Handlebar risers, controversies & (personal) results

Last Updated on: May 14, 2021

Handlebar risers is a must for some of us. No motorcycle will fit everyone perfectly, out of the box, from the assembly line.

The above is, to me at least, being a taller guy, an inescapable fact. Or,  it has been so far, every time I hop on a new bike. The difference risers can make is substantial. It has for me and many of my friends. So I am not alone saying this. Bringing handlebars up to a more relaxed, and for some, natural position is key to enjoy riding.

Handlebar risers on Honda XL600V transalp

Handlebar risers on my Honda XL600V Transalp 1994

But getting them up may only solve half the challenge. Position in relation to your body, plus arm angle, is equally important.

Handlebar risers & different opinions

There are those who say risers change the bike’s rideability. For the worse. That you should stick to stock. Leave your motorcycle the way it was constructed. Well, if you do hard core off-roading,  then maybe. Changing the handlebar position can affect balance. But that all depends on how you ride it. And not the least, who is riding what.

I struggle a bit with this. That risers can destroy the balance of a motorcycle. Well if they are extreme, sure. But most risers are in the segment 20-40mm. Some provide offset possibilities additionally, either fixed or adjustable.  For all I know, there may be those who do hard offroad riding, and still find handlebar risers a necessity.

Acquiring knowledge

Most will do more than a fair bit of research before adding risers. At least the first time. I know I did. Tried to figure out what exactly was needed. if you find a formula that works, for you, then next time around you may try to replicate the formula. However, if you go from one bike type to another, it might mean you’ll start all over again. Maybe.

Rox Risers fitted on the BWM R1200GS Adventure LC

Rox Risers on a BMW R1200GS Adventure LC, no need for cable re-routing

No, not maybe. You will, trust me. All motorcycles are different. Some come with good, or decent, handlebar positions. Some makes you begin to think about risers on first ride. Or even, before the first mile or kilometer is done. I’ve had those moments. I had that moment when I first hopped on my latest bike as well.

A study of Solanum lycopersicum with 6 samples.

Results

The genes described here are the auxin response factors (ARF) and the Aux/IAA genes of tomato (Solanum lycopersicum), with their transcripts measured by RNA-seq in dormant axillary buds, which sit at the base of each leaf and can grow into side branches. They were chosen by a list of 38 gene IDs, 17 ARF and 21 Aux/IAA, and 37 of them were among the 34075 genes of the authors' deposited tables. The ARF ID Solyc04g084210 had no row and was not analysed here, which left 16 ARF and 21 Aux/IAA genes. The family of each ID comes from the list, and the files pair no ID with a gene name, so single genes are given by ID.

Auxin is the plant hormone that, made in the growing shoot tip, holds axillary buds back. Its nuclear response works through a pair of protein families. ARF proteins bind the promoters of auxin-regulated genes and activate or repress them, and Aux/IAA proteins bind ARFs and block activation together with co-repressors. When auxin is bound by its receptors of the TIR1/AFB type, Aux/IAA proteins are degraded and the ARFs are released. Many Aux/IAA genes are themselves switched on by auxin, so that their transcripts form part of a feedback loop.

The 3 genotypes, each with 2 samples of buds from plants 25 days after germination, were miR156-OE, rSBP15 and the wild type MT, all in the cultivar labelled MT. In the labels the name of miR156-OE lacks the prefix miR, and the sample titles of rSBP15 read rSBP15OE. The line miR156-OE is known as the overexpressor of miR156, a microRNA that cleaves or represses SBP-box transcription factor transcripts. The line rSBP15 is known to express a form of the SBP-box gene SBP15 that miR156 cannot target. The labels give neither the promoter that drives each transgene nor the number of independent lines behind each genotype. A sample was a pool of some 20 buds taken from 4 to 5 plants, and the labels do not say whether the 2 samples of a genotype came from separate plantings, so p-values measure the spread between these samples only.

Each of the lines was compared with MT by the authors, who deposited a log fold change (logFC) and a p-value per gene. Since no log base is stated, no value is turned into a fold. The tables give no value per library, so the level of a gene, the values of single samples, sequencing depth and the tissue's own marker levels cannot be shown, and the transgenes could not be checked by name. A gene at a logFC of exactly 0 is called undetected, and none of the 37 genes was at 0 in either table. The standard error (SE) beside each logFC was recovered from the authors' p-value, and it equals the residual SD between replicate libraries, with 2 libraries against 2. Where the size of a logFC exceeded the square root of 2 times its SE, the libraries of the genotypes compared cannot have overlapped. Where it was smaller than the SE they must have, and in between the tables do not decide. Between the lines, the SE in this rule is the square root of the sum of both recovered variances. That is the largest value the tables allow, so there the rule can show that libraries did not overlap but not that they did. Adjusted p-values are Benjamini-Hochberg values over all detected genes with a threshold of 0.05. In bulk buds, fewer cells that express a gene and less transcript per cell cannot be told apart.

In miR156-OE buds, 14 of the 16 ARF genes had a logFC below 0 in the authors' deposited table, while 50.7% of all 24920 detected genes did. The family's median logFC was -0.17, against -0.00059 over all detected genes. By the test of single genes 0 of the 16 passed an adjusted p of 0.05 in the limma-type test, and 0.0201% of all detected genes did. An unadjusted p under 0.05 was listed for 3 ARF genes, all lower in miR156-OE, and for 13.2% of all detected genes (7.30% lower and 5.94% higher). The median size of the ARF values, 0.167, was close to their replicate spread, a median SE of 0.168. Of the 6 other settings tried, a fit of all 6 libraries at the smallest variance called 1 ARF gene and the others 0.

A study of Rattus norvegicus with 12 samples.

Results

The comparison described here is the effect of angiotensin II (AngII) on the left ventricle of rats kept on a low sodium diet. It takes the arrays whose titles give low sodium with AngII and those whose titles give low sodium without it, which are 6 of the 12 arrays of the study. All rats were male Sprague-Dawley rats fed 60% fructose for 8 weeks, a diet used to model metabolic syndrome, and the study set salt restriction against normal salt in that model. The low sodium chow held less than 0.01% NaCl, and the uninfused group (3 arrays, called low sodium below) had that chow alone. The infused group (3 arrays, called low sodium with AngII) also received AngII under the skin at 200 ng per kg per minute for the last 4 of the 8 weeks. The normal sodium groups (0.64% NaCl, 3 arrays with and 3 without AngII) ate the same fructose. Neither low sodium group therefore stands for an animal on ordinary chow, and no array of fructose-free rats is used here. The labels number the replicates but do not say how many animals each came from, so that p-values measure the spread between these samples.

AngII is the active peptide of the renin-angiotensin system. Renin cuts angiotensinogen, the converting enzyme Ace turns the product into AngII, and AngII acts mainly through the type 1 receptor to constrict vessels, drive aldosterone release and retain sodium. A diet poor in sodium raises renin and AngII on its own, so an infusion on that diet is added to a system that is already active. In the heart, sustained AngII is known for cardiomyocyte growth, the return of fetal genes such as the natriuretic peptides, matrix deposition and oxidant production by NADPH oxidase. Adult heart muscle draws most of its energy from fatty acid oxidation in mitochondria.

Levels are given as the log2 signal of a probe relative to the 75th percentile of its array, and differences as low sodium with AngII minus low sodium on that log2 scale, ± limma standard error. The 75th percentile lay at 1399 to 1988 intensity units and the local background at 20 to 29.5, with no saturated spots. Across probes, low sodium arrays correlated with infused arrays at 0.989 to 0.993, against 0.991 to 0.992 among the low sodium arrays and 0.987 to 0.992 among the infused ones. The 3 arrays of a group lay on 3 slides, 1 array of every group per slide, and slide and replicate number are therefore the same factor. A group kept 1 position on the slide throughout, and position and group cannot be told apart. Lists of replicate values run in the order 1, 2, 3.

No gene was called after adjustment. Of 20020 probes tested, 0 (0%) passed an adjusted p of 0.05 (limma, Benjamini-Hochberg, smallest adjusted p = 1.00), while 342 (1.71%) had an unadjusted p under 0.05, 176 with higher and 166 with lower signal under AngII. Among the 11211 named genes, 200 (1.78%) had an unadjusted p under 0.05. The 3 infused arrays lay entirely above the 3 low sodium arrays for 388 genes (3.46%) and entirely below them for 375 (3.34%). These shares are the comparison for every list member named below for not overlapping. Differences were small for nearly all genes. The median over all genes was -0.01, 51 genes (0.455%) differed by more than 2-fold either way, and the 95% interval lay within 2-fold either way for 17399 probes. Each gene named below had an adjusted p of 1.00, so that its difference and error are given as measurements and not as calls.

That was in late March. Had just picked up the bike at the dealers. The bike I bought in December, without trying first. It was a gamble. And I was not at all sure it was something for me. Arriving home after a 100 kilometers detour I’d learned 3 things. The seat was rock hard, the windscreen was rubbish, and the handlebar position was (all) wrong.

No handlebar replication, but results

Back to the drawing board. After a bit of research I found some alternatives. They raised some questions. About a topic I’ve not talked about this far; cables and wires.  One thing is to find the perfect riser solution. But the taller, more offset the risers, the more stretched cables will be.

There are solutions to this problem. But they involve having to take off the tank. Re-route cables and wires. In some cases that might not be enough. Then you need extensions. And that will up the stakes and amount of labour. Or costs, or both.

Voigt handlebar risers on KTM1290 Super Adventure S

Results! Voigt handlebar risers mounted on the 2019 KTM1290 Super Adventure S

As for my KTM 1290 Super Adventure S I landed on handlebar risers from Voigt Moto Technik. But it was a close call. Had to get professional assistance. Fortunately the job did not involve taking the tank off. Skilled mechanics managed to wiggle things and make needed cable slack.

The solution is not 100%. But close, maybe close enough. Still think about  Rox 1 3/4. They’ll add an extra 10mm in height, plus tilt adjustment possibilities. But riding a bike is also about other adjustments. Like adjusting yourself to the bike. So that’s where it’s going now. I’ll give it some more time. Then we’ll see.